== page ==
Lawmakers slam Moon for Memorial Day address


Opposition lawmakers slammed President Moon Jae-in over the weekend for departing the country on a three-legged European tour after leaving Korea ideologically “divided” over a controversial speech he made on Memorial Day.

Conservative lawmakers outside the ruling Democratic Party have been rallying against Moon for days since he brought up an independent activist last Thursday during a national address while honoring patriots and fallen soldiers who gave up their lives for the country during Japan’s colonial rule over Korea from 1910 to 1945.


Kim Won-bong

The figure at issue is Kim Won-bong.

Kim served as deputy commander of the Korean Liberation Army of the provisional government in China in the early ’40s. After Korea gained independence from imperial Japan, he returned to South Korea, but crossed the border into the North in 1948. He was a founding member of the North Korean government and was later appointed head of the State Inspection Commission, which is equivalent to South Korea’s prosecutor general, or chief of the prosecution.

He also served as labor minister and deputy head of the standing committee of the Supreme People’s Assembly, North Korea’s legislature. Kim was decorated by the North Korean government for his role in Korea’s independence movement, but later purged in 1958.

Conservative lawmakers in South Korea see Kim Won-bong as a communist and one of the main culprits behind the 1950-53 Korean War.

“The Korean Youth Battlefield Mission Corps, the anarchist forces and the Korean Volunteer Army, led by Kim Won-bong whose pen name was Yaksan, were incorporated into the Liberation Army, which helped to finally unite the nation’s independence movement forces,” Moon said last Thursday during his Memorial Day address.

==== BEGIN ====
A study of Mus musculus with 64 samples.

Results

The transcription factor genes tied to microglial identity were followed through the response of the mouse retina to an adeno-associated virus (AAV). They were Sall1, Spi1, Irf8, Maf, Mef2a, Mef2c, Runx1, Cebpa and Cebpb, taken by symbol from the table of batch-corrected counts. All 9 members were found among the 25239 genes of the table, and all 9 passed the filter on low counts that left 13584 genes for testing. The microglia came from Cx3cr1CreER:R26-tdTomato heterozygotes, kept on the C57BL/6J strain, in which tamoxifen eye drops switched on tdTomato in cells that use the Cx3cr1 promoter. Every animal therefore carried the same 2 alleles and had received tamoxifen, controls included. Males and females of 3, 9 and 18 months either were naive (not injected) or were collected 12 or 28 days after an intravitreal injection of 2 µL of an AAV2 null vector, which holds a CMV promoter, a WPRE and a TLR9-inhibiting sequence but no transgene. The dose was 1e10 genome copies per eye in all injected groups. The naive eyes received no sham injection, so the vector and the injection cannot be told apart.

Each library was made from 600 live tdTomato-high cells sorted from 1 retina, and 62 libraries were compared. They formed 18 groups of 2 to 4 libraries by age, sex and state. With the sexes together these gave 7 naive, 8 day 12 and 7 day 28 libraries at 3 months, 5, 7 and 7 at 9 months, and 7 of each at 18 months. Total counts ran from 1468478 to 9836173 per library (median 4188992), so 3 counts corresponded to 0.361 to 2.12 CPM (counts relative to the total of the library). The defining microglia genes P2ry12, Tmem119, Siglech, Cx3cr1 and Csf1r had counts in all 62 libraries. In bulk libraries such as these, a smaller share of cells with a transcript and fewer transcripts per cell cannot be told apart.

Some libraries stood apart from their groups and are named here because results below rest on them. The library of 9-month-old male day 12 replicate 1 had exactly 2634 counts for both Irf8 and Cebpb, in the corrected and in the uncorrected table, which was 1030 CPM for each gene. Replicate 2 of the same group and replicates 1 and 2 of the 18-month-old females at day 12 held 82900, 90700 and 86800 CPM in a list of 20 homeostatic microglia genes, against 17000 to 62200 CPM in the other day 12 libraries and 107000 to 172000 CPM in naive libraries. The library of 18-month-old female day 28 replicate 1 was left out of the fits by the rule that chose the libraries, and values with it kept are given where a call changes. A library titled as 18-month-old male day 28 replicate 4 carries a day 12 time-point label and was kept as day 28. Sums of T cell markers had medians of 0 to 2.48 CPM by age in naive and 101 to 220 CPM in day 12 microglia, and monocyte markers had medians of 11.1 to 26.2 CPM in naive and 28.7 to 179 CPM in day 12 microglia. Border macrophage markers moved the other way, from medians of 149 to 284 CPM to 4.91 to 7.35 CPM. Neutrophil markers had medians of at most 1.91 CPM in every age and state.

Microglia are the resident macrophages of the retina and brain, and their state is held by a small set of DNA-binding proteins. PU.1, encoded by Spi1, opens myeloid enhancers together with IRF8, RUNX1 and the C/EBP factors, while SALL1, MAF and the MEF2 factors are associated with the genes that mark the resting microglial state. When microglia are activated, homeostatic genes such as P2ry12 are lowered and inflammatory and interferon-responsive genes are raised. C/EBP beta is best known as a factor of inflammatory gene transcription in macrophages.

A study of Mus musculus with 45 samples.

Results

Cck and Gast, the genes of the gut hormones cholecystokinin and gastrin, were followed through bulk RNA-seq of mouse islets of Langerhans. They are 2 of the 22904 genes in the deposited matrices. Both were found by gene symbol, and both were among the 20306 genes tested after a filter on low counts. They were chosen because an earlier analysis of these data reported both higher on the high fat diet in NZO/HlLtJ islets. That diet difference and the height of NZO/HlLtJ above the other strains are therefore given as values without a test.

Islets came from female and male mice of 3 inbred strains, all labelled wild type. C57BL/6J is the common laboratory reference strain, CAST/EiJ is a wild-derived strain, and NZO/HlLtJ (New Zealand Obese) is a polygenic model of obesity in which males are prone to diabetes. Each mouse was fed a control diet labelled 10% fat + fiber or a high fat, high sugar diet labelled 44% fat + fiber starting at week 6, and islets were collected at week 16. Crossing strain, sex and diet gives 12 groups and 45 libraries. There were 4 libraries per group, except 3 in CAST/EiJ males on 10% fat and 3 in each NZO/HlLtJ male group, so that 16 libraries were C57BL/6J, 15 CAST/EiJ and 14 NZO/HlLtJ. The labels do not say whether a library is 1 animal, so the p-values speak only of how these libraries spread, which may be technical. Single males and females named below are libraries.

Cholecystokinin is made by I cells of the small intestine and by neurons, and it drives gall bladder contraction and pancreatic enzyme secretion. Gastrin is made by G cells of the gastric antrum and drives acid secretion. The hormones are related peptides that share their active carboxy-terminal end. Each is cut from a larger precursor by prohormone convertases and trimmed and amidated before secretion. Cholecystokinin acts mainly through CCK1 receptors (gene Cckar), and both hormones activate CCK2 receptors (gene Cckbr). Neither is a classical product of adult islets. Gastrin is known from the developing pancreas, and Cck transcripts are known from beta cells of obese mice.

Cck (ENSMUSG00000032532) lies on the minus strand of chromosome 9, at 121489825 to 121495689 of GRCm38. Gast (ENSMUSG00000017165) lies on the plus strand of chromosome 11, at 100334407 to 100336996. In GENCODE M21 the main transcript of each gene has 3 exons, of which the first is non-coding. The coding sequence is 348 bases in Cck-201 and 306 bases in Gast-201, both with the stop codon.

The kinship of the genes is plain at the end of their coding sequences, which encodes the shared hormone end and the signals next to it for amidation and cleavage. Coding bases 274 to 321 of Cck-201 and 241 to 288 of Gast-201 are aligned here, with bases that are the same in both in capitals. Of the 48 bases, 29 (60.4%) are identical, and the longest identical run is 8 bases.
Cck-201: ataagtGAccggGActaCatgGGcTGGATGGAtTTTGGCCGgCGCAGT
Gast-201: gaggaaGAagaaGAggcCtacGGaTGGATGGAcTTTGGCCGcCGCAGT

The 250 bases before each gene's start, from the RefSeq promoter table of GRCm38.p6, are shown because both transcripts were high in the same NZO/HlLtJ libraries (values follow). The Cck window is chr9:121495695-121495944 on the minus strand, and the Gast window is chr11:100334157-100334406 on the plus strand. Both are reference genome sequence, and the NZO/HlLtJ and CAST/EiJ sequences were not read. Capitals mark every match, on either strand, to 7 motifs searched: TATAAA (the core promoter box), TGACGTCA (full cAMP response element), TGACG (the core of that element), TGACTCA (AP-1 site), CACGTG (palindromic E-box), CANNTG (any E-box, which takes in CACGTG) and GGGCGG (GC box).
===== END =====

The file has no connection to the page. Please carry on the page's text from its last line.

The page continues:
“With that combined force, they, together with British troops, fought against Japanese forces on the India-Burmese front in 1943, and in 1945, they learned of the liberation of their country while preparing to launch a joint operation with the U.S. Office of Strategic Services to advance onto the Korean homeland.”

The speech was televised live and made at the Seoul National Cemetery in Dongjak District, southern Seoul, in front of a crowd of some 10,000 people, including veterans and families of fallen heroes.

Moon left the country on Sunday for a trip to Finland, Norway and Sweden.

Rep. Na Kyung-won, floor leader of the main opposition Liberty Korea Party, wrote Sunday on her Facebook page that Moon was leaving after delivering an address that “could not be accepted by common sense,” which made Memorial Day “a day of public division and conflict.”

Rep. Ji Sang-wuk of the minor-right Bareunmirae Party, wrote on his Facebook page on Saturday that Moon was basically ordering his government to formally confer a decoration on Kim.